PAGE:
Borat seen as human rights victim by U.S. gov't
EmptyALMATY - Fictional Kazakh TV reporter Borat has made an unexpected cameo appearance as a victim of censorship in a heavyweight annual human rights report issued by the State Department.
The 2006 report, released in Washington on Tuesday by U.S. Secretary of State Condoleezza Rice, criticized the real Kazakhstan, a vast oil-producing Central Asian state, for increased restrictions on freedom of speech and other abuses.
The State Department, which says Kazakhstan has no independent judiciary, also listed the murder last year of Kazakh opposition politician Altynbek Sarsenbaiuly, his bodyguard and driver as "unlawful deprivation of life."
The report cited Borat's loss of his Kazakh webpage www.borat.kz in late 2005 alongside court cases and limits on free speech faced by the few domestic media critical of Kazakhstan's long-serving President Nursultan Nazarbayev.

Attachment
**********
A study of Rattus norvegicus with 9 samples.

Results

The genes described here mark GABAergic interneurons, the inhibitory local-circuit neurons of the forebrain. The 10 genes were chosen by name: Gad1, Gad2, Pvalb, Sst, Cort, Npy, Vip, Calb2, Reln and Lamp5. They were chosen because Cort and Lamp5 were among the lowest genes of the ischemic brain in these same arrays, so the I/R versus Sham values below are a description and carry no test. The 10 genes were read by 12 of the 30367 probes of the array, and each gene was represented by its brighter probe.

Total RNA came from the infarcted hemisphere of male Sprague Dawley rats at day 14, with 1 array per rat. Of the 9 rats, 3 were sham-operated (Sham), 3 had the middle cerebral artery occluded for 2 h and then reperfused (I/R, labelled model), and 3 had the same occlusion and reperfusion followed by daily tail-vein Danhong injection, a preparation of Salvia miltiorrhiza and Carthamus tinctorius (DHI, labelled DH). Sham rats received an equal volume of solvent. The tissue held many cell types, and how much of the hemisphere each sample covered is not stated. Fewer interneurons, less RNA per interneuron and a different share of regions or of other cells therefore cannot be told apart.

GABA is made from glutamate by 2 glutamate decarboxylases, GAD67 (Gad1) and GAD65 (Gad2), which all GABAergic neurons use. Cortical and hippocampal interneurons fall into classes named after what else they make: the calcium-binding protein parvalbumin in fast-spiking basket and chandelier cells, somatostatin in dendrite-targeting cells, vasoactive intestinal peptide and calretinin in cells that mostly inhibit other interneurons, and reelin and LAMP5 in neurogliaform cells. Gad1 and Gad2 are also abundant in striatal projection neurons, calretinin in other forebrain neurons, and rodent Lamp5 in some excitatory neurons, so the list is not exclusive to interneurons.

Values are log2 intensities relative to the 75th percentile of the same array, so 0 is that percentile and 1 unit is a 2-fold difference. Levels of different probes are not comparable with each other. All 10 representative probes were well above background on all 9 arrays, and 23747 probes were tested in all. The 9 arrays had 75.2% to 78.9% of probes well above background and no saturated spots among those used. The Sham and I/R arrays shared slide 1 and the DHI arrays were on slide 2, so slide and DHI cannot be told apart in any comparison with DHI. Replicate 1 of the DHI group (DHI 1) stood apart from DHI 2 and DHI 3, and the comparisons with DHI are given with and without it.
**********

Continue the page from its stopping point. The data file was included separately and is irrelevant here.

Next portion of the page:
"The government deemed as offensive the content of a satirical site controlled by British comedian Sacha Baron Cohen and revoked the .kz domain," the report said.
Baron Cohen, who subsequently moved the site to www.borat.tv, has been something of a thorn in the side of Kazakhstan's government, which initially reacted angrily to his portrayal of the country as home to misogynists and racists.
Shortly before the Web site closure, a Kazakh Foreign Ministry official threatened "legal measures" against him. Cohen, who is Jewish, responded in character as Borat saying:
"I ... fully support my government's position to sue this Jew."
There was no lawsuit and officials adopted a more measured stance on Borat, whose movie grossed $248 million last year, with Nazarbayev later saying that he got the joke during a news conference with British Prime Minister Tony Blair.
In its remarks on Sarsenbaiuly's death, the State Department criticized a Kazakh court for failing "to follow up and investigate signs that other parties and high-level government officials may have been involved in instigating the killings."
The report also listed military hazing, torture by police, unhealthy prison conditions, arbitrary arrests, restrictions on freedom of assembly, domestic violence against women, people trafficking and "severe limits on citizens' rights to change their government" as areas of concern.